Tell me what blue you are and I’ll tell you when you were born (more or less)

Jan 16, 2021 | Discoveries, Instruments

The recent discovery of YInMn Blue, even if the pigment is extremely expensive (€ 148.52 for 40ml), is a joy for artists – always among the first ones to welcome new findings-, but also for art scientists!
In fact, the analysis of the pigments used has always been very useful for establishing the dating and provenance of a painting.
Lapis Lazuli, for example, is a medieval invention. Theophilus who wrote his treaty in 1120, does not mention it: his blue is azurite, while Cennino Cennini knows it well.
But the Lapislazuli loses its purity in oil painting. Therefore it also loses part of its charm and its use reduced over time, as the new medium imposed itself.
However, outside Italy it was already very uncommon. Few, in fact, could afford it. One was Dürer, who however complained a lot about its price (100 times that of the other pigments)!
For centuries, the Azzurri remained luxury items. Smalt and Verditer blue were not expensive, but the only, mild, alternative to the shade of Lapis was Indigo.
The situation changed around 1705, when Prussian Blue was discovered. It had a great success, but it could still not really replace Lapis.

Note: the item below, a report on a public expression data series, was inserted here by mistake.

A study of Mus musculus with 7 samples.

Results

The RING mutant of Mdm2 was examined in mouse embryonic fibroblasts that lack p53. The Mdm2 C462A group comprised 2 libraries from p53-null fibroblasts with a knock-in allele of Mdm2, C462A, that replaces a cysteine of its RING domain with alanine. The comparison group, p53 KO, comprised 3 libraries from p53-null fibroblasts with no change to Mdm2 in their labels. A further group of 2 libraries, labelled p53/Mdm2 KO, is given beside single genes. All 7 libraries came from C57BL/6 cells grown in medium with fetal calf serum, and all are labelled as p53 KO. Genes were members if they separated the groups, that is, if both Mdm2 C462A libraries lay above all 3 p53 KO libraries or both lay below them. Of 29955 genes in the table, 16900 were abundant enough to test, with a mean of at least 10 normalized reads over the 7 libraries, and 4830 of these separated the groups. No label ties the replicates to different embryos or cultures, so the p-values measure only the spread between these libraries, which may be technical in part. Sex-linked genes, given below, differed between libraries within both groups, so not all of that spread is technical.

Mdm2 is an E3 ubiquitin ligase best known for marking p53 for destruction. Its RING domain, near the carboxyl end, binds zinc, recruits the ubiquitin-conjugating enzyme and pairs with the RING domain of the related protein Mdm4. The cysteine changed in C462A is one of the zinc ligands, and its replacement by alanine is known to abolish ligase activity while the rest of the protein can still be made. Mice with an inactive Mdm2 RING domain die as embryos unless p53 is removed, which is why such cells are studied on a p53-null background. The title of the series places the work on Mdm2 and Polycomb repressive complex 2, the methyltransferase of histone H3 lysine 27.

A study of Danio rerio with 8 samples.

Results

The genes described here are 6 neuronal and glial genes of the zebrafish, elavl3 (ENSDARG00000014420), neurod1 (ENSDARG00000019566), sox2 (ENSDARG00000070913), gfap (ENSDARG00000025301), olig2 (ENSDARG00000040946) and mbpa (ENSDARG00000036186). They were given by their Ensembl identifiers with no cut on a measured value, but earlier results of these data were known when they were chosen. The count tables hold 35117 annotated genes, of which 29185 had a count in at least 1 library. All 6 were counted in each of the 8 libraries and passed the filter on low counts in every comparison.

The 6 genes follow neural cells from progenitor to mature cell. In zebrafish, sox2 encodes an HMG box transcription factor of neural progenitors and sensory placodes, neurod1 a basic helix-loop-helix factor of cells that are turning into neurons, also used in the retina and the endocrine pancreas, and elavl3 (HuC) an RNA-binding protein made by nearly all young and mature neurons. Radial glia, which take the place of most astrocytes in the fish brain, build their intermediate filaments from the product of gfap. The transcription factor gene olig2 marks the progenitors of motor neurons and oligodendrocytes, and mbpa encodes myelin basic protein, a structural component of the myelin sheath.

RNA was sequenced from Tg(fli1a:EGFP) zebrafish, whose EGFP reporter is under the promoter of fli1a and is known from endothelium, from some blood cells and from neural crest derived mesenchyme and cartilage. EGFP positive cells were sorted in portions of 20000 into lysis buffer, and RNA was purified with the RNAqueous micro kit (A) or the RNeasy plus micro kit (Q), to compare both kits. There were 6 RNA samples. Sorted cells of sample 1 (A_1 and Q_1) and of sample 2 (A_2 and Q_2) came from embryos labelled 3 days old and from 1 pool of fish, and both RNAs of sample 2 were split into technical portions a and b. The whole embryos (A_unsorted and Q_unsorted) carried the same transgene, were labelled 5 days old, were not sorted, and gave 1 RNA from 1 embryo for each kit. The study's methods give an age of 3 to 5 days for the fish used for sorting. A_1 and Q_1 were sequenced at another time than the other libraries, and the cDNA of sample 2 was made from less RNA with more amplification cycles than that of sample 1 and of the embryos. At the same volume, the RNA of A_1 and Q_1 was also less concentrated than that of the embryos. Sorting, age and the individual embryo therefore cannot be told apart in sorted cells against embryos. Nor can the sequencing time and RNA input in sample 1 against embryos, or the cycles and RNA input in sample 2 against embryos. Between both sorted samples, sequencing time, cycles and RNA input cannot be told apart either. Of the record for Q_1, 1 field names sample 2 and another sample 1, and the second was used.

Although Cobalt Blue had been discovered in 1802, it was Goethe, incredibly, who suggested that as blue deposits were found in the Italian lime kilns, and perhaps some similar procedure could be studied to synthesize an artificial Lapis Lazuli.
In 1842, the Société d’Encouragement per l’Industrie Nationale offered a prize of 6,000 francs to whoever produced it first. Once a stable formulation was found, around, 1870 Cobalt blue became the standard blue color, used by everybody.

Nevertheless, even if 1935 brought with it two new pigments: Monastral Blue and Manganese Blue, the perfect blue had not yet been invented.
The painter Yves Klein between 1945 and 1955 turned to a producer, convinced that they could do better. He thus patented the International Klein Blue, where, however, the real novelty is the binder. We now have the new YInMn Blue.

And the history of art continues to go hand in hand with that of technology.